Most people deal with procrastination of some form or the other. There are different theories as to why some are more susceptible than others, exploring the psychological, biological, or evolutionary basis of the phenomenon. While there are instances of needing to postpone things, procrastination not managed or dealt with can cause significant loss in productivity, performance and ultimate success.

Procrastination is the act- or shall we call it the ‘art’ of delaying.

Procrastination occurs for different reasons, including:  exhaustion, you are too tired to start or complete the task; or aversion, that is, you do not like the task and have developed some sort of aversion to it.  Making that important business or professional call ranks high in this category. Procrastination can also be caused by distraction, where you are easily diverted from the goal of completing an activity or project.

I find that I can easily delay things for as long as possible for any or all of the above reasons. I also use substitution in my procrastination - for instance making pancakes when I should really be trying to meet my deadline!

Because I know how susceptible I am to procrastinatIon, I have had to develop and use strategies to get me back and stay on track!

See if they work for you.


Change the way you view the task

We are more likely to procrastinate if we feel that an action is unpleasant or difficult. For example some people have an aversion to paperwork that is almost a medical condition! Often these tasks are compulsory, but some can be done away with once you examine their validity; some can be delegated or others even automated. The key is to not think the task is unpleasant, but instead to consider creative ways to complete them.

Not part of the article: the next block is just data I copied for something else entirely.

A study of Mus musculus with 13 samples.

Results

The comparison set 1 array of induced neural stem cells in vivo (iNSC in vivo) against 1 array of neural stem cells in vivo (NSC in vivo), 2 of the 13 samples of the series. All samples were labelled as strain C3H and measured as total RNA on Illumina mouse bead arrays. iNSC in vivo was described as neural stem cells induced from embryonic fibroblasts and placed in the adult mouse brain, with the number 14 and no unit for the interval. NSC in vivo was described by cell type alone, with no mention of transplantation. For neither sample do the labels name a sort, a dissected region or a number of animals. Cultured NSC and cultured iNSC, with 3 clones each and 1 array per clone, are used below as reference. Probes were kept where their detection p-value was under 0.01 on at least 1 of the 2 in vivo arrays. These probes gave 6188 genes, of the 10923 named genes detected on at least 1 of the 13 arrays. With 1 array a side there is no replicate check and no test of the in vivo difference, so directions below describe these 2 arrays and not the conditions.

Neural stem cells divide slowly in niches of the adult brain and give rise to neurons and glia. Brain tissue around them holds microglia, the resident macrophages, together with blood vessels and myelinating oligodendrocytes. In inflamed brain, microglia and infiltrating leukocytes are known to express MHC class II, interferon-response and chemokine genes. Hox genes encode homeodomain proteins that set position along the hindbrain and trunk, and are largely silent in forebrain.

Review the task

Is this task really something you need to be doing? If the answer is yes, refer to number one, change the way you view it and apply creative solutions to solve it. What if the answer is no? Perhaps you have left this task so long, it is no longer valid: it no longer fits into your overall objectives or it no longer serves your goals. Review the task so you don’t spend any longer procrastinating on it!

Reframe your words

Our words are powerful carriers of our intention and can also determine our results. ‘I hate paperwork!’ ‘I should go on a diet!’ ‘I ought to make that call’. These statements are limiting, words such as ought, should, must, carry negative connotations. Instead use positive and proactive words which will energise and propel you to action.

Plan for action

You have a task that you have applied the first three tips to. You are ready to proceed and you don’t seem able. Well, what does your work space look like? Just as we need to clear clutter in our minds so we need to clear our work area. Now some people insist that they can only work within chaos, but for the majority of us there is nothing as liberating as a clear space!

Do it!

Don’t wait until you feel like it, just do it! Easier said than done? Not really. All it takes is practice and determination. The more we get on with the task the less procrastination has a hold on us. We are more confident, we feel increasingly energised and the results are amazing!

Are you ready to turn your skill, knowledge or passion into a business? There are some great reasons to stop procrastinating, discover five of them here.